ACROSS WEST MICHIGAN--It's a disease affecting nearly 200 million women worldwide.
It's called Endometriosis and happens when bits of tissue from inside a woman's uterus spread to the outside, causing pain and even infertility.
According to doctors, it's more common than you'd think; affecting one in every 10 women during their reproductive years.
Dr. Bitner, M.D., the director of Spectrum's Health Midlife and Menopause Health Services program, describes the disease as an analogy; thinking of a uterus as a lawn.
When you mow your grass, seeds are picked up, spit out, eventually planting themselves to grow. But just like some seeds grow in places they shouldn't, tissue can do the same.
"Endometriosis is certainly on our mind when we see a woman with pain," said Bitner.
Bitner is one of many OBGYN's seeing patients with the disease. Now, she's hoping to spread the word that her patients aren't alone.
"For women who suffer with this, there is no need to suffer," she said.
Symptoms of the disease include: painful periods, pain during intercourse and infertility.
It's caused from misplaced tissue, acting like a nasty weed that tampers your lawn.
"We want the tissue to be inside the uterus where it belongs.. it's when it spreads and goes outside your uterus it causes problems," she said. "Some of that tissue will go out the tubes into the surrounding pelvis."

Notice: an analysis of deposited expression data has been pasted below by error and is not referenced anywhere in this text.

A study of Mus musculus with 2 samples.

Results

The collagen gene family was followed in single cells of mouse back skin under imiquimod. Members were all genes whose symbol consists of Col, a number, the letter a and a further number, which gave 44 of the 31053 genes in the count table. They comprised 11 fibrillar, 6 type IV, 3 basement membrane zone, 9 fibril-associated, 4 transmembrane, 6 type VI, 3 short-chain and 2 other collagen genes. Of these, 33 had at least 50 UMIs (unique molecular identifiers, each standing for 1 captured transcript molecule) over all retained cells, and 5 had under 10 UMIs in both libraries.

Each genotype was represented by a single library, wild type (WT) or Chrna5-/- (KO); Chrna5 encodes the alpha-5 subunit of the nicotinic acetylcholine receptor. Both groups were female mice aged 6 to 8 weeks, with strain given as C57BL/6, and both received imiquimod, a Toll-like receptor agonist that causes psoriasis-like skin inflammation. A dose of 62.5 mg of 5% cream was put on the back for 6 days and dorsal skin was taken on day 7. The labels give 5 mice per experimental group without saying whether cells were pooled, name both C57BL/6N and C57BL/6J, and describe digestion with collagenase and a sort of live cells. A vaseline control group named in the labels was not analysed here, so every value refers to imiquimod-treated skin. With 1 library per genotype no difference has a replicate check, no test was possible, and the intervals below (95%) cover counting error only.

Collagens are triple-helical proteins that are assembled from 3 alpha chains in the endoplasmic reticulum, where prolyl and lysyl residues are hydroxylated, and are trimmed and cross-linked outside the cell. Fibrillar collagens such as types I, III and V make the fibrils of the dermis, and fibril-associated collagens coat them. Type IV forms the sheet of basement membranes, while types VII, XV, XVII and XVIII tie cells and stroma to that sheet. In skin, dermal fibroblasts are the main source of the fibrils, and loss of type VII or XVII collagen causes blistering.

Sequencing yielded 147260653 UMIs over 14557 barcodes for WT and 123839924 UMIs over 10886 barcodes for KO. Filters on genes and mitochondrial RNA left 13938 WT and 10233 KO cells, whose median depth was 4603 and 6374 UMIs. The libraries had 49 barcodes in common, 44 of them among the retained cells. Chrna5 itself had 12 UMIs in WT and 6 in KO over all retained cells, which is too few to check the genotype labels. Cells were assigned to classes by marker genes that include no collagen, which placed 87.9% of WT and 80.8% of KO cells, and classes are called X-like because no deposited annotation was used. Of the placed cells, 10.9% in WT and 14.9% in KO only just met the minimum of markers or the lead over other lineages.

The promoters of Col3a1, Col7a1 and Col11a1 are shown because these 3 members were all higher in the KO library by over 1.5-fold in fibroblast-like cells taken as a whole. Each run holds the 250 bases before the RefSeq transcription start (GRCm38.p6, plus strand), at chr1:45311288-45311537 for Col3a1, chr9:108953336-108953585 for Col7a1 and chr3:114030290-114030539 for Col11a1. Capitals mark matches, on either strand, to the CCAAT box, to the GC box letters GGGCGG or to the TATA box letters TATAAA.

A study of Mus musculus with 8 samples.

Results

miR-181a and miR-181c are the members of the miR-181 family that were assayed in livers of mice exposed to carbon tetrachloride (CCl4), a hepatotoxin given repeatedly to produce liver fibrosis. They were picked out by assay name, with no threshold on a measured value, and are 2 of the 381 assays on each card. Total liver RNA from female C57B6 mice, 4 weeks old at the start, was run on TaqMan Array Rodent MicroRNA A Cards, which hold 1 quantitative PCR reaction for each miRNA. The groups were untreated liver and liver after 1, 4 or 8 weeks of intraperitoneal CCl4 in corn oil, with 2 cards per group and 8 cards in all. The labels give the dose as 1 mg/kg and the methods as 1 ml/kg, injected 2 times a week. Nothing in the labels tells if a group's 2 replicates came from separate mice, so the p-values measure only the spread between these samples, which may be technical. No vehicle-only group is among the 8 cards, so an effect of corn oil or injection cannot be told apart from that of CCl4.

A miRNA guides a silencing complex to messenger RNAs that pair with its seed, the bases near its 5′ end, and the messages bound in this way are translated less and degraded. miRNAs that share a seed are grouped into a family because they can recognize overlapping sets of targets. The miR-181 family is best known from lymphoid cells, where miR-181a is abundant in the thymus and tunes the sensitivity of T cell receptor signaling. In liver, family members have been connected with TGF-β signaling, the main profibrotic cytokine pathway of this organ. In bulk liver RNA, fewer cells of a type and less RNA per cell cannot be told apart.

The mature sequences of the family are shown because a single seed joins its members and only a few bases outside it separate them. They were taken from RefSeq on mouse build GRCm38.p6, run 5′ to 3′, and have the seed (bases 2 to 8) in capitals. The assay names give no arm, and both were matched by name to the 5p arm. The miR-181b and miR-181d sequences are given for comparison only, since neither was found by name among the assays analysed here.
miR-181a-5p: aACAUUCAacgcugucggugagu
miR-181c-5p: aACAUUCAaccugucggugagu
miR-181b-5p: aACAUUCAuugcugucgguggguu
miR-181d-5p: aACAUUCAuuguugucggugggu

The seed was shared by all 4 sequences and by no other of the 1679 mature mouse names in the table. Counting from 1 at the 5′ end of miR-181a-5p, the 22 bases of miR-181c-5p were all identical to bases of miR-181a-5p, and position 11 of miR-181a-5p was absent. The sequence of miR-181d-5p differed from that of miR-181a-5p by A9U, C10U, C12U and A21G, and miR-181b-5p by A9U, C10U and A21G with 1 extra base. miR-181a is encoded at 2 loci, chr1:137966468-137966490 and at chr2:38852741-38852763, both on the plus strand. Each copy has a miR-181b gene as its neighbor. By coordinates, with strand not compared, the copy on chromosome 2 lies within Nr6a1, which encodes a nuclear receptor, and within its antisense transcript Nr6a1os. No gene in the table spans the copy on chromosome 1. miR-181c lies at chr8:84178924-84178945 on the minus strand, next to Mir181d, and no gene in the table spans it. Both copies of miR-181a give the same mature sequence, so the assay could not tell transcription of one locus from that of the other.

That tissue, thickens, breaks down and bleeds out just as it would inside the uterus during a menstrual cycle, but with Endometriosis, the tissue becomes trapped.
Doctors say that's what creates pain during periods and intercourse.
"Think of your worst period cramps happening before your period starts and lasting after your periods done," Bitner said. "Endometriosis makes these inflammatory factors and when it's outside the uterus it causes blood vessel growth, so the vessels grow to feed it, also creates pain, it's also very sticky. It can cause the bladder to stick to the uterus."
Dr. Bitner advises symptoms in women may vary. Adding, not all women get the disease because some immune systems recognize the tissue outside the uterus as foreign.
She also suggested getting surgery to cure Endometriosis. Although she says it's worth it in the end.
"I think a lot of women we're programmed to live with stuff. We don't want to be complainers we want to solider through, but it can definitely be at least helped if not cured," she said.
Bitner adds pregnancy and birth control can work to suppress symptoms as well.
"When the women is on the birth control pill [it] contains estrogen, [the] fertilizer, progesterone, [the] weed killer...but togetherit keeps the hormones evened out but in some women it can help suppress and help with the pain," she said.
We're told the disease is most commonly found in women in their 20's through 40's, but can affect teens.
If you are experiencing any of these symptoms, doctors are urging you to seek help.